In a short paper to appear in tomorrow’s Nature, scientists at Sirtris Pharmaceuticals describe the in vitro and in vivo data supporting the development of their next-generation activators of Sirt1, one of the members of the sirtuin family of proteins. It’s another opportunity for their persistent PR machine to talk up the company’s founding premise: that activating sirtuins, which appear to play a role in the aging process, may be useful in treating a variety of things, including diabetes.
Unlike its first drug, a formulation of resveratrol (a Sirt1 activator found in red wine, which is now in early-stage trials), Sirtris found the molecules analyzed in the Letter to Nature by specifically screening for activity against Sirt1. “From a pharmacological perspective, we’ve proved the mechanism,” Sirtris CEO Christoph Westphal said yesterday in a phone interview.
The next-generation Sirt1 program, along with its development of other sirtuin activators, puts Sirtris firmly in the lead in sirtuin field. So much so that Lenny Guarente, the scientific founder of rival company Elixir Pharmaceuticals (now in registration for an IPO), whose discovery that the sirtuin-expressing gene sir2 is an important regulator of life span in several species, has jumped from Elixir to the Sirtris Scientific Advisory Board.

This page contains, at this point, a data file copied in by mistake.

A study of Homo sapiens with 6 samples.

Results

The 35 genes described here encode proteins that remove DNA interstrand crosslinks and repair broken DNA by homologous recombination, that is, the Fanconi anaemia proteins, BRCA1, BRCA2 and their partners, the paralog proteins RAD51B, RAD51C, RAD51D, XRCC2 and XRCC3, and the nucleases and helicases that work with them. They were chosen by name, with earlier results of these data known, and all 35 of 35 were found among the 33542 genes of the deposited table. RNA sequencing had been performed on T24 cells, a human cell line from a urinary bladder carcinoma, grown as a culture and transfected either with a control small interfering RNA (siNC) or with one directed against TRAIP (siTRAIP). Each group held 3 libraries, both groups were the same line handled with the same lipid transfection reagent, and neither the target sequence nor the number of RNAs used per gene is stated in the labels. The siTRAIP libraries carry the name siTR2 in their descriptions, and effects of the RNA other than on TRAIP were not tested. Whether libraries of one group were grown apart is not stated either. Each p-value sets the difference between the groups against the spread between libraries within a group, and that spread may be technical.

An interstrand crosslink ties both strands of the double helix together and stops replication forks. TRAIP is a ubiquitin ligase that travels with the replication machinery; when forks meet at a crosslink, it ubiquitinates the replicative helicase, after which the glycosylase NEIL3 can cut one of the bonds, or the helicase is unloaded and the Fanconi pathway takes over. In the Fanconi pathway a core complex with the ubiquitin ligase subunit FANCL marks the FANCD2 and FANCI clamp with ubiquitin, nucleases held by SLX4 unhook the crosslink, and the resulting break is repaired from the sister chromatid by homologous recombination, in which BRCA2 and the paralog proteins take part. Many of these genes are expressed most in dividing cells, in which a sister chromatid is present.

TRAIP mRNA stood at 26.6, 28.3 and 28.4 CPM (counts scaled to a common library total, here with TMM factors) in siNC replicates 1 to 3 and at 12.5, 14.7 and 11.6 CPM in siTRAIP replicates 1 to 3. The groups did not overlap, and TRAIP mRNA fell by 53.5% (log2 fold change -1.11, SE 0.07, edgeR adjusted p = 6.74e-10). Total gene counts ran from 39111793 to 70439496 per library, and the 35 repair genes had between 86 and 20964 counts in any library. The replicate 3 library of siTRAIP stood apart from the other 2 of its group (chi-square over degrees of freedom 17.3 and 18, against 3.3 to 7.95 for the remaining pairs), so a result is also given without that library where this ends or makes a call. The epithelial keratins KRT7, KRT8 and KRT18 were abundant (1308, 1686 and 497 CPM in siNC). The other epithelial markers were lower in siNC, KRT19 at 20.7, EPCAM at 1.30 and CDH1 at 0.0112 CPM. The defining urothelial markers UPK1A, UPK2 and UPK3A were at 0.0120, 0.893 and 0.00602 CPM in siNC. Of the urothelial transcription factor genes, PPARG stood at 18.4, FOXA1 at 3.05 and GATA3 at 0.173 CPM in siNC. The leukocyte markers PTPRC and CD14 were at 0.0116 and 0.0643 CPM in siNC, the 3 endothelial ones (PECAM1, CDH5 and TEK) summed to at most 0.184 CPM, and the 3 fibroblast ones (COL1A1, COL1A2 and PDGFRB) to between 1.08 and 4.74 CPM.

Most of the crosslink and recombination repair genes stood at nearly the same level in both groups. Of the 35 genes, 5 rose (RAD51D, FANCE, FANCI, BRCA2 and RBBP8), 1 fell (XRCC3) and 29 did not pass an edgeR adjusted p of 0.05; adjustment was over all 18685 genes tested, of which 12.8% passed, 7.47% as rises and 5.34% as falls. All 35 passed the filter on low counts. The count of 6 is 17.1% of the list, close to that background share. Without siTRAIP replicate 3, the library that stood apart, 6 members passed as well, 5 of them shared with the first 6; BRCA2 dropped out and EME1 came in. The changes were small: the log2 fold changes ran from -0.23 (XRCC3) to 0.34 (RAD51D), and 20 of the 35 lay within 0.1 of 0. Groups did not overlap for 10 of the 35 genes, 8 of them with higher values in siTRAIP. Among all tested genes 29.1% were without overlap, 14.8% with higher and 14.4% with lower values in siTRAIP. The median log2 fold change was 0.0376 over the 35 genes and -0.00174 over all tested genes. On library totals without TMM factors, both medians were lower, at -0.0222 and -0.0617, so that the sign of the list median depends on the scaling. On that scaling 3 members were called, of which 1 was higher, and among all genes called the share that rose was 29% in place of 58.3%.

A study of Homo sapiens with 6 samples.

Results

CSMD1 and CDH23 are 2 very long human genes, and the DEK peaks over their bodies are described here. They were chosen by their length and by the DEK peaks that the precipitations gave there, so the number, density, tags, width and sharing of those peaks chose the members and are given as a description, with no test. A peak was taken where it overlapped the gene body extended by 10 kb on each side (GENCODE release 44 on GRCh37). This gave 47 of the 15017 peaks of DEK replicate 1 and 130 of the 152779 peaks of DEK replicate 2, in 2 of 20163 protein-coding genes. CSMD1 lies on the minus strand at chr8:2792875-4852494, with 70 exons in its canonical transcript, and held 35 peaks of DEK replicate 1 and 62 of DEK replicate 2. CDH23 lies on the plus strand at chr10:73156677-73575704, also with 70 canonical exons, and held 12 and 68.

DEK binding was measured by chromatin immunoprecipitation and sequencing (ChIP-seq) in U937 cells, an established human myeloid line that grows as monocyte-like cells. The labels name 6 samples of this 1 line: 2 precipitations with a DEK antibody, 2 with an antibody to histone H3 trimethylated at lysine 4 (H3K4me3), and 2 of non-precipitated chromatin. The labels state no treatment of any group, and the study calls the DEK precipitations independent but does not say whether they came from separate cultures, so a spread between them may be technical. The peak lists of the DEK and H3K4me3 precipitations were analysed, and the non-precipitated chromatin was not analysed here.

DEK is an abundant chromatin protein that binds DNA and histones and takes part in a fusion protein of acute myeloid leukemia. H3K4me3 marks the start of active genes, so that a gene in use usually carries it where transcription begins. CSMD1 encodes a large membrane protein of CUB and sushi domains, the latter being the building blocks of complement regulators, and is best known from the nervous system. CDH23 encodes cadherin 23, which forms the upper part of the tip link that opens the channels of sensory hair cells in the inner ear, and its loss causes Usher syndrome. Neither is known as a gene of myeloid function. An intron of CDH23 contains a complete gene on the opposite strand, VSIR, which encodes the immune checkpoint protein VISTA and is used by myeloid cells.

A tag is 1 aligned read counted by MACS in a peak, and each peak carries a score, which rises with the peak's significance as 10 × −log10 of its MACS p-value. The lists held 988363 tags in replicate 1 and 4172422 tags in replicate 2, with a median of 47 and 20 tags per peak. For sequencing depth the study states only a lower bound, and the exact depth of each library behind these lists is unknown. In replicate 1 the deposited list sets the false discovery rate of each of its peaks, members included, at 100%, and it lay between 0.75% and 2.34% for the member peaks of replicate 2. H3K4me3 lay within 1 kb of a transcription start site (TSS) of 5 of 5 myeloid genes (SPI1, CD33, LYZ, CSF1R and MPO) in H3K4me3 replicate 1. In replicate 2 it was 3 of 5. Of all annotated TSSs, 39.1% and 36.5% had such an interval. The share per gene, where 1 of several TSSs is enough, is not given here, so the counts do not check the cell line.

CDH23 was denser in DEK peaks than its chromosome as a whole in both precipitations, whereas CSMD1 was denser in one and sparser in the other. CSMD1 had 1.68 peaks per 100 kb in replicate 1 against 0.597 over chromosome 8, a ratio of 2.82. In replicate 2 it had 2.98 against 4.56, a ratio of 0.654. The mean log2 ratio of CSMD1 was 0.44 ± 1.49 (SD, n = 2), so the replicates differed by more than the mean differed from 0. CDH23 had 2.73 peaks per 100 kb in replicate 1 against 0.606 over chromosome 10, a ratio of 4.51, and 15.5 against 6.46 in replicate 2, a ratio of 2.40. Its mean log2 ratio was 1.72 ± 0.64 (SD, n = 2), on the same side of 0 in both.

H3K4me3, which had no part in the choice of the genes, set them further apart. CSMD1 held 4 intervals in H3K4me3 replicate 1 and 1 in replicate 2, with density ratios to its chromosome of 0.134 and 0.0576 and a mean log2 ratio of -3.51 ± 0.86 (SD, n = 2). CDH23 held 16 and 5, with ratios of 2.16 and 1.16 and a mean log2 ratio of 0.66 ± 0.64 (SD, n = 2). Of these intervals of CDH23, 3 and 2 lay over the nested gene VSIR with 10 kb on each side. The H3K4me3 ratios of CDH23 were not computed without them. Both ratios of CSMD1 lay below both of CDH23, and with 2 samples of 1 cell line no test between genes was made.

No doubt Elixir abandoned Guarente a long time before he actually split. And the circumstance could have been predicted as far back as 2004, when Vaughn Kailian, ex of Millennium Pharmaceuticals and Cor Therapeutics, became Elixir’s Chairman. Kailian, a general partner at MPM Capital who focuses on late-stage investments (and also – DISCLOSURE, DISCLOSURE -- is a director of Windhover Information, IN VIVO’s publisher), is well known for advocating the rapid build-up of commercial capabilities. Indeed, during his tenure at Millennium, the competing interests of research and commercialization created a duality of cultures: what IN VIVO described at the time as “The Two Millenniums.”